The art of science
Maps of invasive species may not seem like the ideal subject for an art exhibit, but don’t say that to fourth-year Bachelor of Fine Arts student Clara Laratta.
Don’t say it to her collaborator, either – Jordan Barker, a master’s student in biology who studies how deer and invasive plants and insect affect urban forests.
Inspired by a chance meeting with biology professor Susan Dudley, Laratta and Barker have teamed up to present Interconnections, an art exhibit currently on display in the Dr. Robert and Andrée Rheaume Fitzhenry Atrium, familiarly known as the Exhibition Cube.
Photo credit: Steven Gerrard
The show juxtaposes Laratta’s digital images, paintings and drawings with dot and topographical maps created by Barker. Barker’s colourful dot maps depict the density, size and variation of native and invasive tree species in McMaster Forest, a large plot of land on Lower Lion’s Club Road in Ancaster. His work also includes topographical maps showing elevation, convexity, slope and aspect of the same area.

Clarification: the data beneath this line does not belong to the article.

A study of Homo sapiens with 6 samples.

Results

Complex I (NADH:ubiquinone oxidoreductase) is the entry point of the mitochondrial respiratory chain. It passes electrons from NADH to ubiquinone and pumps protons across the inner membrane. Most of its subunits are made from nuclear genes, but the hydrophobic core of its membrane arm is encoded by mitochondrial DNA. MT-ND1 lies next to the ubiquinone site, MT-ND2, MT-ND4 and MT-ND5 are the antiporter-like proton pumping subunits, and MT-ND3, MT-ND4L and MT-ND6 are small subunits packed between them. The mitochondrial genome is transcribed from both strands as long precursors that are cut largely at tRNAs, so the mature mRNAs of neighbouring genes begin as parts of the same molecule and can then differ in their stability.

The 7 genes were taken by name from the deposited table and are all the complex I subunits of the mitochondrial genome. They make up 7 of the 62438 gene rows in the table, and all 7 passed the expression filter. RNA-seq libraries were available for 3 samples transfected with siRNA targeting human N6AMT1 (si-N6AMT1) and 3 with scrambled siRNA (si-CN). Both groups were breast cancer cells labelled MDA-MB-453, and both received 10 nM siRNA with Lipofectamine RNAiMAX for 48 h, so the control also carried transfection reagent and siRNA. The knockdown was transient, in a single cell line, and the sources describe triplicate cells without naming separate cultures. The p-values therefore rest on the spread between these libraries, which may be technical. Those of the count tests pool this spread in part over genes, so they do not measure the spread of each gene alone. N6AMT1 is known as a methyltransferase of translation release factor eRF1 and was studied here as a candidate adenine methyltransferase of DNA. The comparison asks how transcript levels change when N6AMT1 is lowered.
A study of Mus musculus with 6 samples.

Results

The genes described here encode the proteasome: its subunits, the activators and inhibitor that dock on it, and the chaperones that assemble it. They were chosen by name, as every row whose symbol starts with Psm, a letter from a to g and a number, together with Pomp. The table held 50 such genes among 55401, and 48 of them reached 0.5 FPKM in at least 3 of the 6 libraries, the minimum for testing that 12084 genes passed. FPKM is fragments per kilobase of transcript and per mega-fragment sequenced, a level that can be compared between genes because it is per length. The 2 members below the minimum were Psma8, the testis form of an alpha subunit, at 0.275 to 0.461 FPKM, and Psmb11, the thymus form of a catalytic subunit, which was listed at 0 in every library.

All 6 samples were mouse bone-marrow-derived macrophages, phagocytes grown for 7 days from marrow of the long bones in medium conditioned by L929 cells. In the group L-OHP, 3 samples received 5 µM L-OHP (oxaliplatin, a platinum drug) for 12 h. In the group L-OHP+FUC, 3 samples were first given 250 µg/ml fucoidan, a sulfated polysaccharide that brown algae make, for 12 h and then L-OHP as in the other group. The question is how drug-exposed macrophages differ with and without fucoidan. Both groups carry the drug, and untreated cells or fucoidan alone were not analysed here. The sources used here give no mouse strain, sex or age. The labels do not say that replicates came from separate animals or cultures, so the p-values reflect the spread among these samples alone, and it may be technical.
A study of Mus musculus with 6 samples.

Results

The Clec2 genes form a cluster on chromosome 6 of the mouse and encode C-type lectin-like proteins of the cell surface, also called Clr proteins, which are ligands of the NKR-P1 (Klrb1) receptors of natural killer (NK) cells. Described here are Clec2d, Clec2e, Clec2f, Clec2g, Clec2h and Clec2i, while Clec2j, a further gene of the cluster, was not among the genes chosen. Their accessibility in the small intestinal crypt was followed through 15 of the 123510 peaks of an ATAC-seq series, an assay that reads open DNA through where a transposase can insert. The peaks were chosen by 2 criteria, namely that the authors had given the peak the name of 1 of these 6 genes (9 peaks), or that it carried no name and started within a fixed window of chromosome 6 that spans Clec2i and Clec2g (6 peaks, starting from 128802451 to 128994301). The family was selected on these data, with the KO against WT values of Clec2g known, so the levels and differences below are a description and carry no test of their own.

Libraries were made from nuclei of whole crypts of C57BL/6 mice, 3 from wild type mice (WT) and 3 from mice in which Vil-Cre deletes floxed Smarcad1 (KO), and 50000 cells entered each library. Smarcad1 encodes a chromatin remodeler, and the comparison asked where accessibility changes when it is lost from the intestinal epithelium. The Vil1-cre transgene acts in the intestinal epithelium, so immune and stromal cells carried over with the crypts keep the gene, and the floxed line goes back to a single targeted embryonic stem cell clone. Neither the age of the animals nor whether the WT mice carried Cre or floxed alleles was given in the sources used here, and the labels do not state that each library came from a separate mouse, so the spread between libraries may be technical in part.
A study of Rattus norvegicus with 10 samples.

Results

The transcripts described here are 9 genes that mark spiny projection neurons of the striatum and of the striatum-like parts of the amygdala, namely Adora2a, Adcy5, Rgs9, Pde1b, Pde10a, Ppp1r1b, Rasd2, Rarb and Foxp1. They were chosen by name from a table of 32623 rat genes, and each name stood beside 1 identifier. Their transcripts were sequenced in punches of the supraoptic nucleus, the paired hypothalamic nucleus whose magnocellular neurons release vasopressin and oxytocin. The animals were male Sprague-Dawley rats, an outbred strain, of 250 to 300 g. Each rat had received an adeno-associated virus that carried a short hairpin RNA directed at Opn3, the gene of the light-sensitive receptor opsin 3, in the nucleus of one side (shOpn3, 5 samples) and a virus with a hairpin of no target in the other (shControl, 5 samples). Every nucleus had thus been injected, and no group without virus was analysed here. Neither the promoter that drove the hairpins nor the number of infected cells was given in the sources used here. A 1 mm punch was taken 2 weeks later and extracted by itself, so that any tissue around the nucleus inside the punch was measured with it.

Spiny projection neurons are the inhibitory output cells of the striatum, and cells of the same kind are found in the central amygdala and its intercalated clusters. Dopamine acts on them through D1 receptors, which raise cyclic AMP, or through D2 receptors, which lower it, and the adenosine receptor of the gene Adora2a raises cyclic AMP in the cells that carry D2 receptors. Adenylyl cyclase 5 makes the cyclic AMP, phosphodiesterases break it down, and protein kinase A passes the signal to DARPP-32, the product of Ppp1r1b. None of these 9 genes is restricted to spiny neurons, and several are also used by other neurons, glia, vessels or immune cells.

Laratta’s work also explores the relationship between nature, humans and animals, but from a different visual perspective. Through layered digital images, close-up shots of tree bark, drawings and paintings, Laratta highlights the subtle beauty of the natural world, as well as the effects of human development.
“My work is based on how humans and animals interact with nature, and Jordan’s research sounded very similar,” explains Laratta. “When Jordan told me how he puts his maps together – that they’re a kind of art – we realized that we should do a show together, because we’re really working on the same thing.”
That’s apparent throughout the exhibit, which was curated by Laratta. On one wall, two of Laratta’s rubbings of tree bark sit side-by-side with dot maps depicting the distribution of invasive tree species in a plot of forest – providing both a close-up and birds-eye view of the same subject.
“It was important to me for people to come in and see my pieces as art, and see how art can emerge from rigid scientific protocols,” says Barker. “Both of us want people to see the art, then go outside and actually explore the forest. We’d like them to go out and look for the same beauty that we see.”
Interconnections is on display until March 20.